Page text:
Muscat – Atheer
A super blue blood moon is set to grace the Sultanate’s skies this afternoon, which means that we will witness a full moon, a total lunar eclipse, a blue moon and a supermoon. Although these events are not particularly unusual, what is rare is the fact that they are all occurring on the same day.
The lunar eclipse is an astronomical phenomenon that occurs when the earth’s shadow obscures the reflected sunlight from the moon, occurring when the earth, the sun and the moon are aligned. The total eclipse occurs when the entire moon crosses the earth’s shadow. In this case, the entire moon disappears.
A partial eclipse occurs when part of the moon crosses the Earth’s shadow, in which case a portion of the moon disappears. A lunar eclipse occurs when the moon passes directly behind the Earth into its shadow, in which case the light reflected off the moon becomes dim.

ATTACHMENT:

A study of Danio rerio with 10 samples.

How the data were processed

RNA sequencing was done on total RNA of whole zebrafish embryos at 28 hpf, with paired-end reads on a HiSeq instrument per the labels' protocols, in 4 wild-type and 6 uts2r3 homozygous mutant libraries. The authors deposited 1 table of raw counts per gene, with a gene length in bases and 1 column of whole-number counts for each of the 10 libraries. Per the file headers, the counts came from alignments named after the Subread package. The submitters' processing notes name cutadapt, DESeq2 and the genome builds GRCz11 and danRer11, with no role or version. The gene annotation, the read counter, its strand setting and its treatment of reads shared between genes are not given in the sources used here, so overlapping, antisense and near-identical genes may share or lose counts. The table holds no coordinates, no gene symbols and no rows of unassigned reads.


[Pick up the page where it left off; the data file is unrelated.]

Mazen Ali Al Jalandani, a member of the Astronomical Society of Oman, explained “the penumbral eclipse begins at 2:51 pm, the partial eclipse begins at 3:48 pm, while the greatest eclipse will begin at 5:29 pm, ending at 6:07 pm. The partial eclipse will end at 7:11 pm and the end of the penumbral eclipse will take place at 8:08 pm local time.”
Al Jalandani added that the total eclipse would be visible from the Pacific Ocean, Alaska, Western Canada, Hawaii, Australia, New Zealand, Indonesia, the Philippines, China, Japan and Eastern Siberia. Meanwhile North and East America, Eastern Europe and Central Asia will see some phases of the lunar eclipse.
Al Jalandani concluded by saying “perhaps the most striking characteristic of this event is the fact that we can see it without the need for astronomical equipment such as telescope. The eclipse appears clearly in the sky, visible to the naked eye and does not lead to sight problems, unlike the eclipse of the sun which requires special glasses in order to protect the eye.”